Passing comet flares as it crumbles

A heat-seeking space telescope has taken spectacular photos of a comet breaking up as it races by the Earth.
The celestial visitor has disintegrated into a stream of debris millions of miles long as it begins its close encounter.
More than 60 major chunks of comet Schwassmann-Wachmann 3 are accompanied by a trail of millions of smaller particles in a picture, above right, from Nasa’s Spitzer telescope in orbit.
Nasa say there is no danger to Earth. Although the comet – dubbed SW3 – will be one of the closest to pass us, it will not come nearer than 7.3 million miles.
Explosions caused as sunlight heats up the comet, releasing water and dust, have led to fragments flaring in brightness.
Amateur astronomers in the UK and America report that the biggest are easily visible with binoculars – and one even with the naked eye – in clear dark skies.
Jonathan Shanklin, of the UK’s Society for Popular Astronomy, said: “One fragment has undergone a substantial outburst in the last couple of days.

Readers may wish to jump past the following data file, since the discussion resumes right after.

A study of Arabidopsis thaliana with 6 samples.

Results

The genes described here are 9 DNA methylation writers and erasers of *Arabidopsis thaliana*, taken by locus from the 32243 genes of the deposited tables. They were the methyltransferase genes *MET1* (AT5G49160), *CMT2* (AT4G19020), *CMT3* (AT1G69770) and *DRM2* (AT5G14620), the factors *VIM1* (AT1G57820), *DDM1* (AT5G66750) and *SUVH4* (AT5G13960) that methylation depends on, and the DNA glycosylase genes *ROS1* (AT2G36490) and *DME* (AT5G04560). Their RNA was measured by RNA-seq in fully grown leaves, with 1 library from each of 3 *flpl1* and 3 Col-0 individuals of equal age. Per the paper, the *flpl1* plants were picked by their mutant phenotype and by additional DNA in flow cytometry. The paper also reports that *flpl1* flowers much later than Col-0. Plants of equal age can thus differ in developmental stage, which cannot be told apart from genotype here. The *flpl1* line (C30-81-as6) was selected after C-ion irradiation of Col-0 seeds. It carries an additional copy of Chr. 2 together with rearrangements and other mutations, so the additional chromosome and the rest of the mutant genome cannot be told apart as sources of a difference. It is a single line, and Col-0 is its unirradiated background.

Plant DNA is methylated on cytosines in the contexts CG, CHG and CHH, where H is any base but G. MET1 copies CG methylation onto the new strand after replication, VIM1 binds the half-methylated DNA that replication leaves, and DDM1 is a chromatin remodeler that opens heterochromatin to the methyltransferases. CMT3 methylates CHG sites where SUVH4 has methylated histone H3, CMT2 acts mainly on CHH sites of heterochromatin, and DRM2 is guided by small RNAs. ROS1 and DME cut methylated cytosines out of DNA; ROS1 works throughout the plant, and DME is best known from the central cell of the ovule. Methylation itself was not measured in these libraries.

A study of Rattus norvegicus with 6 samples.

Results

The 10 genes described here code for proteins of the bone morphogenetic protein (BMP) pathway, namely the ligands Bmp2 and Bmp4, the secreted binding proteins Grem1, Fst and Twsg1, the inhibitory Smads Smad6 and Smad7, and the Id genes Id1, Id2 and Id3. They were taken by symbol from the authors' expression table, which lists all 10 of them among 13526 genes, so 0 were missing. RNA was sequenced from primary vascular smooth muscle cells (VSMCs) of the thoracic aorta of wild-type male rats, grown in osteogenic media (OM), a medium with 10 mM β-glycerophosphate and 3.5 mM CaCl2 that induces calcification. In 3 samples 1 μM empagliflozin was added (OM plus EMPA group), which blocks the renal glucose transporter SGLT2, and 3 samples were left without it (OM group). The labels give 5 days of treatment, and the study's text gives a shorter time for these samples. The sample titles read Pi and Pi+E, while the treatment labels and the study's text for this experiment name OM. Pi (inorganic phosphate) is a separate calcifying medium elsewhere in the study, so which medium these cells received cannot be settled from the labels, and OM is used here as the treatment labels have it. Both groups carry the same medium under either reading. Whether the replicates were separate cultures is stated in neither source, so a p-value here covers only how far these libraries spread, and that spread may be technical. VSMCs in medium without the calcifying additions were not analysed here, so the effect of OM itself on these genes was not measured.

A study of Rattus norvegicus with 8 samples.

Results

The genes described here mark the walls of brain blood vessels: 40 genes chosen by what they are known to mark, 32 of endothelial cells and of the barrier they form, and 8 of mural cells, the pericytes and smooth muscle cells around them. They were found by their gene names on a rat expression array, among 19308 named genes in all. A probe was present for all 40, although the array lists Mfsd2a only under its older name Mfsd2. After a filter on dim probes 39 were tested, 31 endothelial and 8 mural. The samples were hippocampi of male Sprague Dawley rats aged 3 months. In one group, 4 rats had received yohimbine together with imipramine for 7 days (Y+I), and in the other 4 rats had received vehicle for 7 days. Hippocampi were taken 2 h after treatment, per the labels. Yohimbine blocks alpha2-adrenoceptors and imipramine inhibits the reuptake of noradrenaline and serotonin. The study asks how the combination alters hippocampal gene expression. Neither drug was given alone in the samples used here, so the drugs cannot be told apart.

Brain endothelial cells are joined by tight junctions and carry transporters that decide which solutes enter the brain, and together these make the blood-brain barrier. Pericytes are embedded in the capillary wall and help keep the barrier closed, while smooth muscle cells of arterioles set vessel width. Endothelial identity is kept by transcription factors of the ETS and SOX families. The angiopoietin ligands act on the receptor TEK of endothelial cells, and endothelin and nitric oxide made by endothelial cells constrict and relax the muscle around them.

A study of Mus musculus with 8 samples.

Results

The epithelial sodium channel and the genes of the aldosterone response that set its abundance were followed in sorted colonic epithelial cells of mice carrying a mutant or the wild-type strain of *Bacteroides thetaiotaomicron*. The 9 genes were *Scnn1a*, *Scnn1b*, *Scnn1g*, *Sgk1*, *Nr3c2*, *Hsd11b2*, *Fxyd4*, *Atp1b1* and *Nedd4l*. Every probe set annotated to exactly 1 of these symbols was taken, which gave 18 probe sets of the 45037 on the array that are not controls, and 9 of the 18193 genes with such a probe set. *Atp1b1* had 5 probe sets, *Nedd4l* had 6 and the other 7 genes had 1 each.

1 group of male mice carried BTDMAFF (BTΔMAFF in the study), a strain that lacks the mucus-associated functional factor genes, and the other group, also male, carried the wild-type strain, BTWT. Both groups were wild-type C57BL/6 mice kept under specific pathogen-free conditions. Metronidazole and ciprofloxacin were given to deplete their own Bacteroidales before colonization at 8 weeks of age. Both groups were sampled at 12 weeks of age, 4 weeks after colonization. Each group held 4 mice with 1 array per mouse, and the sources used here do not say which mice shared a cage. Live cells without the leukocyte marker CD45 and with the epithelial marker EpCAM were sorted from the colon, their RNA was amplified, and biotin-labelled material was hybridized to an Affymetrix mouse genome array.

“I observed it from near the centre of Cambridge and it was very easy to see despite city light pollution, mist and bright moonlight.”
Spitzer’s eyes show SW3’s dusty trail especially well because they are sensitive to the infrared part of the spectrum.
The Hubble space telescope has also taken photos of the cosmic wanderer as it goes through its death throes.
Comet SW3 swings in round the sun every 5.4 years and the first signs of its disintegration were observed in 1995 when it was much further from the Earth.
The first fragments of the comet come closest to us today, May 12, before swinging by the sun on June 6.

Paul Sutherland

Paul Sutherland

I have been a professional journalist for nearly 40 years. I write regularly for science magazines including BBC Sky at Night magazine, BBC Focus, Astronomy Now and Popular Astronomy. I have also authored three books on astronomy and contributed to others.
Paul Sutherland


I have been a professional journalist for nearly 40 years. I write regularly for science magazines including BBC Sky at Night magazine, BBC Focus, Astronomy Now and Popular Astronomy. I have also authored three books on astronomy and contributed to others.